Tips for moving forward when you’re overwhelmed

Overwhelmed - positive peers

By: Jennifer McMillen Smith, MSSA, LISW-S, Division of Infectious Disease and medically reviewed by Ann Avery, Infectious Disease Physician at Metrohealth Medical Center

It’d be nice to find a trashcan in the alley to dump all your stress in. But it’s not that easy to make your worries go away.

If you’re dealing with staying on your meds, putting up with side effects, and tiptoeing through minefields of friends, family, careers, and the rest, it’s normal to feel overwhelmed. Because all that is too much for anybody to deal with.

But how do you shake it off and get back on your feet?

We have some tips that might help:

Overwhelmed - positive peers

Focus on what you can control

Draw up two lists — one with stuff you can control and one with the stuff you can’t. For instance, if you are living with HIV you can control it with meds. Or if you are short on money, then start applying for jobs or ask for more hours or pay at your current one. And from time to time, it’s good to remind yourself, “I got this.”

Now, start thinking about stuff you can’t control — other people, especially. No matter how you deal with people, you can’t make them do or think or feel what you want. You can’t make them like you; you can’t make them admire you; you can’t even make them listen to you.

We encourage you to make up your mind that you’re not going to stress over things you can’t control. Instead, it’s better to focus on what you have the power to change.

Overwhelmed - positive peers

Start planning a getaway — no matter how small

You can’t always walk away from your issues, but you can plan a mental health break to do some self-care. The act of formulating a plan alone will help focus your mind and provide a quick break from stress and worries.

Even a few minutes of quiet downtime can be huge. Find a comfortable chair in a quiet place and sit down, close your eyes, lean back, and chill. Stop thinking about anything except how good it feels to have a rest. You can focus on your breath if that helps.

You know how your phone works better when you turn it off and back on? A mental health break is sort of the same, but it’s a reset for your body and soul.



Once you’ve chased the demons away and retaken possession of your brain, now you can go for a walk or a run, stop by the library, or play a video game.

For those of you who find peace while being active, you might consider forest bathing. Studies suggest that lacing up your favorite pair of shoes and hitting those deep forest trails can drastically improve your mood and help your spirit and your body to de-stress.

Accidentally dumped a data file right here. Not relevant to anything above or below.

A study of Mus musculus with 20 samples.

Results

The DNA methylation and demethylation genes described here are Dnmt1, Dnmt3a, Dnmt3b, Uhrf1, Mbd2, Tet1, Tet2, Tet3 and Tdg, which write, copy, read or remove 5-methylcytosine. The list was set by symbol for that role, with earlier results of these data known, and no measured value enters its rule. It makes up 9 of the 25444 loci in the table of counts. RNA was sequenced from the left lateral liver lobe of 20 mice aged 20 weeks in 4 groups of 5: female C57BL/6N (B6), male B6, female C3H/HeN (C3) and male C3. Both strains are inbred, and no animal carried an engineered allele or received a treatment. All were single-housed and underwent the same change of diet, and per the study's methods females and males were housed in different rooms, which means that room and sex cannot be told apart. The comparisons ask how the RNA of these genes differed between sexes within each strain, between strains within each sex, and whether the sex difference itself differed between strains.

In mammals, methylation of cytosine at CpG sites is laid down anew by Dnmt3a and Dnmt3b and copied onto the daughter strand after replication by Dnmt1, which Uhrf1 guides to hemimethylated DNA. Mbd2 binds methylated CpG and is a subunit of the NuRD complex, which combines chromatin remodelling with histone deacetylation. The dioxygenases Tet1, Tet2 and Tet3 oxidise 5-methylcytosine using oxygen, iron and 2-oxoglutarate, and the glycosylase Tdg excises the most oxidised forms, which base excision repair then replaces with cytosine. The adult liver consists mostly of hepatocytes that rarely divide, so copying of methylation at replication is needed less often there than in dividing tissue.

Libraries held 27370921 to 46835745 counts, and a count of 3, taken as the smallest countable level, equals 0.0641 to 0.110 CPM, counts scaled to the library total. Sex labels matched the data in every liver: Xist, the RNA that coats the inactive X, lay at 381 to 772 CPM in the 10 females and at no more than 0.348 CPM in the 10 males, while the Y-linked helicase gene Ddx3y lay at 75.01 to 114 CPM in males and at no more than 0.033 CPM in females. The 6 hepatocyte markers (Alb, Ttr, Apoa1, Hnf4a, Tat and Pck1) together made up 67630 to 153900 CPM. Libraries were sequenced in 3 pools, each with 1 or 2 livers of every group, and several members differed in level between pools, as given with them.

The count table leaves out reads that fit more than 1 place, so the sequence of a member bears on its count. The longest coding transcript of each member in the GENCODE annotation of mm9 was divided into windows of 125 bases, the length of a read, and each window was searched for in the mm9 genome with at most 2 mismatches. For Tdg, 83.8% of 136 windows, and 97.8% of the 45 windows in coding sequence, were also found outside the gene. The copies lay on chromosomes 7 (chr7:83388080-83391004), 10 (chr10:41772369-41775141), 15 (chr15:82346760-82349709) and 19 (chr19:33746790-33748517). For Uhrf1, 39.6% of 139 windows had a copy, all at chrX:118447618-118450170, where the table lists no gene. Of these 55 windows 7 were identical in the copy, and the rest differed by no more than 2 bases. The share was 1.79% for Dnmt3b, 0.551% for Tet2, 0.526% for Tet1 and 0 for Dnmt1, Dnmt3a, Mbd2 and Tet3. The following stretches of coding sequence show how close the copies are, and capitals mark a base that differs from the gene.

Whatever it is, it needs to occupy your brain and your body long enough for the stress to wear off.

Overwhelmed - positive peers

Change course

Another option is to change things up:

  • Call a friend and go out to lunch.
  • Do some volunteer work and help people out.
  • Try cooking something you’ve never cooked before.
  • Create a journal and start recording your innermost thoughts.
  • Listen to music you’ve never heard before and give yourself a chance to start liking it.

Overwhelmed - positive peers

Embrace your imperfections

When your mood is shit, it’s hard not to feel like you screwed up somehow. But look: what good does it do to beat yourself up? Remember what we said about not worrying about things you can’t control? That’s what the past is. Try not to be too hard on yourself, we’re only human, right?

Or maybe you think if you just hang in there you can fix everything in your world that’s broken. But that’s called perfectionism, and it tends to drive people batty.

You can’t change the past, and you can’t make the present perfect. What you can do is decide what’s most important to your mental well-being, embrace the feel-good stuff, and let go of the rest.

Life is about responding to the present and building a better future any way you can. That, and unloading the baggage that’s trying to lock you in place.


Talk to someone

Trying to carry the whole load alone is exhausting. Talk to a counselor, social worker, friend, co-worker, or family member. Friends are worth more than gold. If you have a support group, you might try pouring your heart out there.

 Overwhelmed - positive peers

Put yourself first for a while

But what if you have people counting on you? It’s human instinct to put other people’s welfare first for the good of everybody else, especially when there are loved ones involved.

You don’t want to let people down. That’s understandable.

But you need to be healthy — physically, mentally — to be of any use to other people. So, make a place in your life to escape, chill, and recharge your batteries. Love thy self.